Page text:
The City of Westminster is set to have its first ever Labour Lord Mayor after an agreement by the council’s Conservative and Labour Groups.
Ahead of the annual meeting of the council which elects a new Lord Mayor, both groups have agreed that only one nomination will be put forward. The Labour Group will nominate Cllr Ruth Bush, which the Conservative Party will not contest. Cllr Bush will resultantly become Lord Mayor; the first time that a Labour Councillor will have held the role.
Cllr Bush, represents Harrow Road Ward. She was first elected to the Council in 2005. The current Lord Mayor is Cllr Lindsey Hall, who represents Abbey Road Ward.
Leader of Westminster City Council, Cllr Nickie Aiken, said:
“I recognise that the Mayoralty is a civic not a political role, so I feel it’s important the Lord Mayor represents all of Westminster’s residents as part of our commitment to build a city for all. That’s why the Conservative Group has taken this historic decision not to put forward a candidate for the next Lord Mayor and work across the two political parties to further modernise the Mayoralty in Westminster.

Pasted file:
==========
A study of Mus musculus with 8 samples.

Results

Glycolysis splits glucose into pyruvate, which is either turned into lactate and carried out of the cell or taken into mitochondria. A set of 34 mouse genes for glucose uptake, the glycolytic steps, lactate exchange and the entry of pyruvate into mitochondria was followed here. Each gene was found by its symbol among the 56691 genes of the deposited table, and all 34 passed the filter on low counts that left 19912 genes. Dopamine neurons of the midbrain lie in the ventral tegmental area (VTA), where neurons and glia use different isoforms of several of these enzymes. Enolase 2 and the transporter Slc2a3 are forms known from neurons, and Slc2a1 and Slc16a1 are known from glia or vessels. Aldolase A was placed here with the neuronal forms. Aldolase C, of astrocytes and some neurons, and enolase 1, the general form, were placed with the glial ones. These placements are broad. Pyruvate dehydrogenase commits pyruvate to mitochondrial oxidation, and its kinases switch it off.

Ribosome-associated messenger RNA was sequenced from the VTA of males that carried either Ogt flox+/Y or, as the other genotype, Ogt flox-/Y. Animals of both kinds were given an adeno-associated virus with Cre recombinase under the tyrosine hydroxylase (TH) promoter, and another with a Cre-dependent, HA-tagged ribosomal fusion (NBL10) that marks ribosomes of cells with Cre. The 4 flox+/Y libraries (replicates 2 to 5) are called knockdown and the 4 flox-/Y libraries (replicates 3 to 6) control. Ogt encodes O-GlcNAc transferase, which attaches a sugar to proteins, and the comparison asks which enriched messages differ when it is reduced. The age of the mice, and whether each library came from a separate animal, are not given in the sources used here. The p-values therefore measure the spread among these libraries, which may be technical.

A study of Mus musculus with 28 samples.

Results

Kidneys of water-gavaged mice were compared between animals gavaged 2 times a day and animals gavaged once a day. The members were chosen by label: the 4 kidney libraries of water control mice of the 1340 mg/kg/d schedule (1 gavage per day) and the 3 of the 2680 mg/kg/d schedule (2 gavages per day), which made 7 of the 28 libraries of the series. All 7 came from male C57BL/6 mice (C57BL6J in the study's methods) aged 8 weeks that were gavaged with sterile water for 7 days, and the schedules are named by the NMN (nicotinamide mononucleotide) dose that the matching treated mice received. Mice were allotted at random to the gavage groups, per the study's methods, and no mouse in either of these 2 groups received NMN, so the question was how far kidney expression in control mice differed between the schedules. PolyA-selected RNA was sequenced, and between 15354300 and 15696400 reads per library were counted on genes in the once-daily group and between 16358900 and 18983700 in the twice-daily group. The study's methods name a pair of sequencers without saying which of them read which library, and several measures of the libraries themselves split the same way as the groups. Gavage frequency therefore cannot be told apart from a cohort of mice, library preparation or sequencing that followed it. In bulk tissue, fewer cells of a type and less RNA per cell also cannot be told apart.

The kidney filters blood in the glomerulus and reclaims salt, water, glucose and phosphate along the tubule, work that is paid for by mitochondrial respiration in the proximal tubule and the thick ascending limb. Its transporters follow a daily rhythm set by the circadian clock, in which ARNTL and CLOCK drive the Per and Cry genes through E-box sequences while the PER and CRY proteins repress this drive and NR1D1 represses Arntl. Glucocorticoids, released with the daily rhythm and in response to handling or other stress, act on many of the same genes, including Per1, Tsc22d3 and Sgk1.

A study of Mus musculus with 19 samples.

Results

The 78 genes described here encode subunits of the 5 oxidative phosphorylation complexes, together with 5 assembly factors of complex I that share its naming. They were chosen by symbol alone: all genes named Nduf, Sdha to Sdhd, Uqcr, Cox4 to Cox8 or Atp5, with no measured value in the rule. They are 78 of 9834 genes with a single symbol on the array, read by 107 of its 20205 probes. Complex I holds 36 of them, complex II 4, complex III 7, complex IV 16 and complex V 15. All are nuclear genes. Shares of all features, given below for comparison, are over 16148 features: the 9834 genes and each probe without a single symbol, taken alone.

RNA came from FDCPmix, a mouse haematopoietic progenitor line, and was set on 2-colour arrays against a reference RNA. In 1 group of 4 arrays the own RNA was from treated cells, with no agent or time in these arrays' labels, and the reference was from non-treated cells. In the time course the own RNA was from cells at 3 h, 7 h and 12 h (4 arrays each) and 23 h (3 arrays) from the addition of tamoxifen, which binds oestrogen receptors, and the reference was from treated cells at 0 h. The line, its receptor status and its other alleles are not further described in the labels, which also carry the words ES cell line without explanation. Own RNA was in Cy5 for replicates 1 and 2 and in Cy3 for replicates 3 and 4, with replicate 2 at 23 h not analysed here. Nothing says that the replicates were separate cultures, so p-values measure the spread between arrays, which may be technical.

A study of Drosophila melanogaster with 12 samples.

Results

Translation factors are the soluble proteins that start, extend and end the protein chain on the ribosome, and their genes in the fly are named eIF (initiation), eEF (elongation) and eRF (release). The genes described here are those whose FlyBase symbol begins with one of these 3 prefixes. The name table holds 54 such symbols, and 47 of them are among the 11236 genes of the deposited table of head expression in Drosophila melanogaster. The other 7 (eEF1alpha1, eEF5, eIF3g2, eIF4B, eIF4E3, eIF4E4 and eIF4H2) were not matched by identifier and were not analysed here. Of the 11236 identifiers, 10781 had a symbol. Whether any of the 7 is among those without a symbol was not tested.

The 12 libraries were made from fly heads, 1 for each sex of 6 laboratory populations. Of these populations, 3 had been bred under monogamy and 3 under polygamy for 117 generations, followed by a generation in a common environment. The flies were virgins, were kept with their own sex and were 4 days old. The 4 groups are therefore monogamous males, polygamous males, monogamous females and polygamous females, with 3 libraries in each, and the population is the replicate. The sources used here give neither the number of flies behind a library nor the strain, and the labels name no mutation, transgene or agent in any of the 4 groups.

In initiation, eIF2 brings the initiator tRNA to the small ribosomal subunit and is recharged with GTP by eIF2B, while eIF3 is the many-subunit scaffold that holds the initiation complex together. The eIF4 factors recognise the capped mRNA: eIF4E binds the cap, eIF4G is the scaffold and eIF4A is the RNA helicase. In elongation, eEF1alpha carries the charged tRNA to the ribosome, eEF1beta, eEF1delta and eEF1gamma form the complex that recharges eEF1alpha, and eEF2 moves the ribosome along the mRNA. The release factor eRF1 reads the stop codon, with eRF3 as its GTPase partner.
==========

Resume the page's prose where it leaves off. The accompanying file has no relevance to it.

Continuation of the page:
“Ruth is a dedicated local councillor for her residents and an asset to Westminster – she’s perfect to take on this important role.”
The Lord Mayor of Westminster is the ceremonial, non-partisan and non-executive First Citizen of Westminster. They are elected annually from among Westminster’s councillors. The Lord Mayor chairs all Full Council meetings.
Westminster has had an elected mayor since its creation as a Metropolitan Borough in 1900. When the borough became the City of Westminster in 1965, following the 1963 Local Government Act, it had its first Lord Mayor – Sir Charles Norton.
In addition to chairing Full Council meetings, the Lord Mayor traditionally undertakes the following other duties:
- Celebrating the achievements and supporting Westminster’s citizens and communities;
- Promoting Westminster locally, nationally and internationally
- Representing Westminster at civic and ceremonial events.